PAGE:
Weak CPI Prompts Larger Than Expected Drop on USD
The deviation from consensus in the US CPI data for October was minimal, with a mere 0.1ppt difference for both the headline and the core. However, it triggered the most significant sell-off of the US dollar since, coincidentally, the October CPI report in November 2022. Back then, the DXY index plummeted by over 2.0% and 1.8% over two days. In contrast, the recent drop amounted to 1.5%. The sell-off a year ago marked a turning point for the US dollar, leading to a further 5.5% decline through the intra-day low recorded in early February 2023. I believe that the dollar's sell-off yesterday could also be significant, indicating another turning point that might extend its weakness.
While there are distinctions between November 2023 and 2022, suggesting we shouldn't expect a similar scale of sell-off this time, a 5-6% further decline of the dollar could bring EUR/USD close to the 1.1500-level. Last year, the November 2022 CPI marked the initial turning point in the surge of inflation, accompanied by global growth optimism driven by China's reopening and a strong rally in China stocks. PMIs in the euro-zone also rose over a three-month period to January 2023, reinforcing positive global growth sentiment. However, the current global growth optimism is not comparable, and I do not anticipate the same scale of dollar selling as seen a year ago.
Nevertheless, the recent move opens the possibility of further dollar weakness. Technically, the backdrop for the dollar is distinctly bearish, as both the 100-day and 200-day moving averages were breached. The last time this occurred on the same trading day was in June 2021, following the peak of EUR/USD after the post-Covid rally.
The fundamental trigger for this movement was the inflation data, which, despite a small 0.1ppt deviation from consensus, suggests potential for continued deceleration. The super core CPI, excluding housing, slowed from 0.61% in September to 0.22% in October, with an annual rate of 3.75%, the weakest since December 2021. Over the last seven months, the super core rate fell to 3.0%, close to the 10-year average of 2.75%. The core CPI rate, excluding housing, dropped to 2.05% annually, while the core goods CPI remained at 0%, the lowest since 2020. Despite these weakening indicators, shelter, the largest component of core CPI, is still at 6.7%, likely to decline based on current rental data.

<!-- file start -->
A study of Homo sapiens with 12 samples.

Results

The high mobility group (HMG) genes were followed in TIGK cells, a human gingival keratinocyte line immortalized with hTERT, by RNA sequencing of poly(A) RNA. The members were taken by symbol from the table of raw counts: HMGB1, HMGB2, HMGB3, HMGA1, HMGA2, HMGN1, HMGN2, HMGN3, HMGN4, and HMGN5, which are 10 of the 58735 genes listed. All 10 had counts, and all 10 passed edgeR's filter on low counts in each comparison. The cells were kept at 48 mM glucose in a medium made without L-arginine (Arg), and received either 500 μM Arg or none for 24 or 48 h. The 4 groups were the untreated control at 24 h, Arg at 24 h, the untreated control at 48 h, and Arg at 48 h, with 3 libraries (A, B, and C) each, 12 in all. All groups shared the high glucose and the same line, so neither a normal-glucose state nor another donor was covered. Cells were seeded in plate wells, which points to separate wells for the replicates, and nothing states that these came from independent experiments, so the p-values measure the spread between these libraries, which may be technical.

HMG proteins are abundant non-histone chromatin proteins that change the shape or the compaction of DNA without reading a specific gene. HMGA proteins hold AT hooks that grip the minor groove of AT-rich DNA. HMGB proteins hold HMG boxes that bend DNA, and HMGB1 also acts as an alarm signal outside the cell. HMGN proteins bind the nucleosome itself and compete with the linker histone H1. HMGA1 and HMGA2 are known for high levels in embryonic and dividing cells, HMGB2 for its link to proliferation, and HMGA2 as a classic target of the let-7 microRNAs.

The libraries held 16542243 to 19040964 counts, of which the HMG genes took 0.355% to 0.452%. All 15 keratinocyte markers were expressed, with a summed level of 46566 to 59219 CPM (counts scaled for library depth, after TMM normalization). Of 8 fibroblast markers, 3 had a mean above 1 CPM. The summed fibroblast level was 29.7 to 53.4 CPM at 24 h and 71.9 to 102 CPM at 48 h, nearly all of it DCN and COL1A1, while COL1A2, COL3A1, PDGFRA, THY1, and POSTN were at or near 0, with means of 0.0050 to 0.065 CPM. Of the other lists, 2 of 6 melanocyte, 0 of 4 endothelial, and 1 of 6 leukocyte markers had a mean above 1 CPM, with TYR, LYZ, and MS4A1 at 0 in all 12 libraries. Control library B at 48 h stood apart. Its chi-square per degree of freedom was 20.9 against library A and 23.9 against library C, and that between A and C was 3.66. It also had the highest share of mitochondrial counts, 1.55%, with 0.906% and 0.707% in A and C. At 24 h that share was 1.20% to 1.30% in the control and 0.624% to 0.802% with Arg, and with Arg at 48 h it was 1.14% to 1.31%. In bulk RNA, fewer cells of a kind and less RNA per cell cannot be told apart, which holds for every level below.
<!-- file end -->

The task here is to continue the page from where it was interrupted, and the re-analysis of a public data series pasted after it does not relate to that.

Consequently, there is a higher likelihood that the Fed has completed its tightening cycle. An 80% probability of a rate cut by May 2024 exists, with 85bps priced by November 2024. If activity data weakens further, additional cuts may be priced, making it very feasible for EUR/USD to advance to the 1.1500-level in 2024.
And UK inflation adds to easing inflation concerns.
The recently released CPI data for October in the UK mirrors the situation in the US from the previous day, with actual readings proving to be 0.1ppt weaker than the market consensus. However, the notable declines in headline inflation from the previous month were more pronounced than in the US, primarily due to the exclusion of the OFGEM utility price increase of 80% in October 2022 from the annual calculation. Consequently, the component related to electricity, gas, and other fuels in housing experienced a substantial shift from a +5.0% YoY to -21.6%. This anticipated change resulted in the headline YoY rate dropping from 6.7% to 4.6%, marking the weakest reading since October 2021. The core rate, although more resilient, still decreased from 6.1% to 5.7%, representing the lowest reading since February 2022.
Despite this, the data breakdown indicates persistently high levels of inflation across most sectors, making it unlikely to instigate expectations of rate cuts, like the situation in the US. The Food, alcohol, and tobacco sector, constituting approximately 15% of the index, continues to register a double-digit YoY rate at 10.3%. Due to substantial month-on-month increases in Q1 this year, this component is expected to decline gradually through to Q2 2024. However, momentum remains decidedly downward following the peak of 16.0% in April. With every other key sector within CPI still running well above 2.0%, except for Transportation (0.50% YoY), the overall inflation scenario remains notable.
Nevertheless, this sharp drop in CPI is likely to reinforce expectations of the conclusion of monetary tightening in the UK. While GBP performance retains some linkage to global risk appetite, the recent substantial decline in global yields and its positive impact on equities have supported GBP, resulting in a marginal decrease in EUR/GBP. Beyond the influence of the US dollar, caution persists regarding the potential for GBP to outperform, given that the impact of monetary policy appears to be exerting more pressure on the real economy, making a mild recession seem likely in the coming quarters.